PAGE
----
The Evolution of Platform-of-a-Service as Containers Become Popular


Platform-as-a-Service (PaaS) emerged as a way to make life easier for developers. PaaS brings together the hardware and software required to create an application development environment that masks the complexity of the underlying infrastructure. Operating systems, databases, development frameworks, and other tools and services are hosted and managed by a cloud service provider. PaaS eliminates the need to purchase, maintain and update this environment, and provides automated tools that streamline the provisioning of infrastructure to support applications.

Many PaaS offerings use container ecosystems, one of the hottest trends in application development. Containers have emerged to address the serious issues that often arise when software needs to move to an environment with a different operating system, network topology, security protocols and storage. A container separates an application and all of its requirements from system resources and bundles the entire runtime environment in an isolated package. This makes it possible for the application to run on any operating system in any computing environment.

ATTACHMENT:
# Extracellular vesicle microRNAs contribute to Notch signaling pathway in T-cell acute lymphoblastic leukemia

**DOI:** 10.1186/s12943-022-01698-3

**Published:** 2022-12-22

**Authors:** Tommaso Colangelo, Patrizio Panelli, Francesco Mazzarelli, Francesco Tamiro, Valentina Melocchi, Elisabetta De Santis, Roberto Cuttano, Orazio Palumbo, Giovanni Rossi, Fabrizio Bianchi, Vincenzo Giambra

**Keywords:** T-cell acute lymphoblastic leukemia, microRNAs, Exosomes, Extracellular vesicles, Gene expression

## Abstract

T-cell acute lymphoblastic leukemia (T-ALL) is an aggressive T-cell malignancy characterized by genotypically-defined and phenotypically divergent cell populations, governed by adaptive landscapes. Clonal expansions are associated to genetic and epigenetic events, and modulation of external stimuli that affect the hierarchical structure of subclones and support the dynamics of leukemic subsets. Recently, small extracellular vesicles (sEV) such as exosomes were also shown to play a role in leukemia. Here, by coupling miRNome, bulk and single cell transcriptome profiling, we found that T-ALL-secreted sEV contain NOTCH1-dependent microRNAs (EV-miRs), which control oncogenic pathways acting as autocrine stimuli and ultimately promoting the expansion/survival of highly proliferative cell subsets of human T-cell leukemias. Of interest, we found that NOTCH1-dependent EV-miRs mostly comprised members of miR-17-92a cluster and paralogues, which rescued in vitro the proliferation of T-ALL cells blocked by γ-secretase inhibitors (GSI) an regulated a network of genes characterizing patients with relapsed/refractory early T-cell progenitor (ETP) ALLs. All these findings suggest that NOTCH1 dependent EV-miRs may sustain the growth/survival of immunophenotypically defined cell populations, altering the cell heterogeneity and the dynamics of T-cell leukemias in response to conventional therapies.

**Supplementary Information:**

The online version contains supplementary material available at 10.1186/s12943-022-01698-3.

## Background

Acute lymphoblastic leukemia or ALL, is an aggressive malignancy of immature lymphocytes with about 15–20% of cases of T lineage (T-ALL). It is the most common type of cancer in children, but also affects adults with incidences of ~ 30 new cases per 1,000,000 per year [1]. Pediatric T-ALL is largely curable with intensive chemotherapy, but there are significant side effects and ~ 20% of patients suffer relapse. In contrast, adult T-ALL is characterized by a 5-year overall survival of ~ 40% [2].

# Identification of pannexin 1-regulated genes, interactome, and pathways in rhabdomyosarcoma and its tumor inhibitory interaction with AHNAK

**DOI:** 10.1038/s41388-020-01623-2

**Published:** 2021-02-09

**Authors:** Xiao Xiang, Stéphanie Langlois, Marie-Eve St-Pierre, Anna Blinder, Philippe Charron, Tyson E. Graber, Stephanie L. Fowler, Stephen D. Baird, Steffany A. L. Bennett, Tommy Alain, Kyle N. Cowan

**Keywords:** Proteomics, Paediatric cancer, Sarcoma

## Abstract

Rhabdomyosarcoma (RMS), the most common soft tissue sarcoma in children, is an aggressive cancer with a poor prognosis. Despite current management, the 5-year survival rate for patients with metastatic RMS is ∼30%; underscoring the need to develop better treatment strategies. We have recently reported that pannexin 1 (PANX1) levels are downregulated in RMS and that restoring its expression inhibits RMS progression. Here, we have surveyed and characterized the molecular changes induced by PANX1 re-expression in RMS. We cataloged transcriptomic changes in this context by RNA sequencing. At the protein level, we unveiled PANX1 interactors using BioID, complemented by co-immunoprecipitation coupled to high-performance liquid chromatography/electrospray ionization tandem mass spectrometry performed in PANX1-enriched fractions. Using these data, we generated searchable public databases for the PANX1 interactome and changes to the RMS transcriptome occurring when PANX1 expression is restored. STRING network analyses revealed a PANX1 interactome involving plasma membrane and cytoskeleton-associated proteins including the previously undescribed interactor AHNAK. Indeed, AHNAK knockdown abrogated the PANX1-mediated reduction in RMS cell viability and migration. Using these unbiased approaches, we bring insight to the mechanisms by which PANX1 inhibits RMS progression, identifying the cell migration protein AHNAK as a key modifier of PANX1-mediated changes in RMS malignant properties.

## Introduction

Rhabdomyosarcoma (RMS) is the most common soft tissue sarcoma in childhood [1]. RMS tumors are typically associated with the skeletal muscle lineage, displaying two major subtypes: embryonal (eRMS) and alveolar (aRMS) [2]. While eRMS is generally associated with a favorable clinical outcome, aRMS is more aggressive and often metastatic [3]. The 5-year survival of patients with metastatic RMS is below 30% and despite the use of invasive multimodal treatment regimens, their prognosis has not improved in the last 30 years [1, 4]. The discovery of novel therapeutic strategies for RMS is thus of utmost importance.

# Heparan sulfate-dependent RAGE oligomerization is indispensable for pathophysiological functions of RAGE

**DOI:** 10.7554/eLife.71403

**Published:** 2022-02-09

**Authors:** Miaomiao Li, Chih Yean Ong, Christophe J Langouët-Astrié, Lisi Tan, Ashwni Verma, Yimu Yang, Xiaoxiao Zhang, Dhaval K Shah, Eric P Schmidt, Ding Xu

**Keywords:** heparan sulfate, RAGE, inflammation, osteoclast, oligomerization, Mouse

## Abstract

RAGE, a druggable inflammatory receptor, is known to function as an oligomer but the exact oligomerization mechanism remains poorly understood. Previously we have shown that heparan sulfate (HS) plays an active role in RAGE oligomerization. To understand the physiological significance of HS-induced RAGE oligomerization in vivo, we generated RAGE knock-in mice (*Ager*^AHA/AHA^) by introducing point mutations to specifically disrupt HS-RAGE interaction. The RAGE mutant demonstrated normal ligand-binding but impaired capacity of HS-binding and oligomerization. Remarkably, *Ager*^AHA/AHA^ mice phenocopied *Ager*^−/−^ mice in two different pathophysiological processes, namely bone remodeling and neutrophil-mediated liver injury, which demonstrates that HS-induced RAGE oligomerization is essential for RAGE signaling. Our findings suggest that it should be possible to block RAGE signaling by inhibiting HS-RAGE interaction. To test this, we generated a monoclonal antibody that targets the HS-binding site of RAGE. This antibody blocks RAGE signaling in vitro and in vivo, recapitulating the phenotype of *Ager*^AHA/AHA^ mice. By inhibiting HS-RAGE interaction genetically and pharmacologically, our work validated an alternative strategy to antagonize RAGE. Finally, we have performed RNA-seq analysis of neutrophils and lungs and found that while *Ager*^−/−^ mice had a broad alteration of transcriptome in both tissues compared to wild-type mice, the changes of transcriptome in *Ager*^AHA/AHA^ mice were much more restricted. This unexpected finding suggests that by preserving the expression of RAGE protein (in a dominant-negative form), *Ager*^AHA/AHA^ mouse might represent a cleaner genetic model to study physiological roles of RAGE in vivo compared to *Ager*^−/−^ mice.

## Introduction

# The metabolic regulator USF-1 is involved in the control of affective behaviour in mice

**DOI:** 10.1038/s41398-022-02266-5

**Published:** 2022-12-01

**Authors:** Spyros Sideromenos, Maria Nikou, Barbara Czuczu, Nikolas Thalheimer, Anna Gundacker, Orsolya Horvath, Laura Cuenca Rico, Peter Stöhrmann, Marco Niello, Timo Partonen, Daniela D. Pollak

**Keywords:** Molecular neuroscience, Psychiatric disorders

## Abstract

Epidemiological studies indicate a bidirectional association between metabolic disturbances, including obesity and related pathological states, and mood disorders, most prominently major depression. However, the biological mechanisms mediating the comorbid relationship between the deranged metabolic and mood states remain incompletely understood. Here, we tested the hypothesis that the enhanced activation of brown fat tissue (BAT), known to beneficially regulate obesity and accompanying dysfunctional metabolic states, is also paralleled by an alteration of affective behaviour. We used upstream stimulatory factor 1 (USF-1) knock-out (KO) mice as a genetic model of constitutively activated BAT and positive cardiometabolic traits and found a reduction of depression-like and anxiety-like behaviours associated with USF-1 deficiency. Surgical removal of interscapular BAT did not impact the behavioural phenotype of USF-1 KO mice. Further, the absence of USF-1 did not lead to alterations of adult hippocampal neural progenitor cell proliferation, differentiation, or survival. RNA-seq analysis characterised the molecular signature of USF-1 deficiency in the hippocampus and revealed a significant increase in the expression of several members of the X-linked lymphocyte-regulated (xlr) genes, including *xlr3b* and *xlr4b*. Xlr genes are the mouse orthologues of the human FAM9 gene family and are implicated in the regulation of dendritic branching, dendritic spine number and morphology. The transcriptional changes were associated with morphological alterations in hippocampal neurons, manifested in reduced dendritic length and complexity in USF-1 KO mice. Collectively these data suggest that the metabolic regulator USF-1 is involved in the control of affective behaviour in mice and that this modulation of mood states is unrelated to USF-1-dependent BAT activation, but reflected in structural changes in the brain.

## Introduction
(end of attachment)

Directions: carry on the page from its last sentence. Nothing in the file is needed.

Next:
Containers are similar to virtual machines (VMs) but are capable of sharing operating systems, so they are less resource-intensive and boost faster than VMs. Containers can also be deployed, replicated and moved more easily than VMs, resulting in greater flexibility and portability.

Nevertheless, many organizations that have jumped on the container bandwagon are now struggling to manage huge numbers of containers. Container operations and deployments must be scheduled and monitored. Some containers must be deleted and then re-created. These and other tasks need to be automated and orchestrated in order to take full advantage of the benefits of containers.

PaaS is evolving to overcome these challenges and better support containerization. Just as traditional PaaS solutions automate infrastructure-related tasks for developers, today’s container-oriented PaaS tools provide orchestration and container cluster management tools that enable the deployment, scaling and management of containerized applications to be automated.

One such PaaS solution is the latest version of the Red Hat OpenShift Container Platform. First introduced as OpenShift Enterprise, Red Hat’s PaaS offering originally focused on application development using the JBoss enterprise Java platform. Recognizing the growing popularity of containers, however, Red Hat has changed direction and added a portfolio of container technologies for both developers and operational teams.

The new OpenShift Container Platform 3.3 supports Docker and Kubernetes containers and offers a number of enhancements and new automation capabilities. In the next post, we’ll discuss how Red Hat’s open solution improves productivity, scalability, flexibility and security in containerized environments.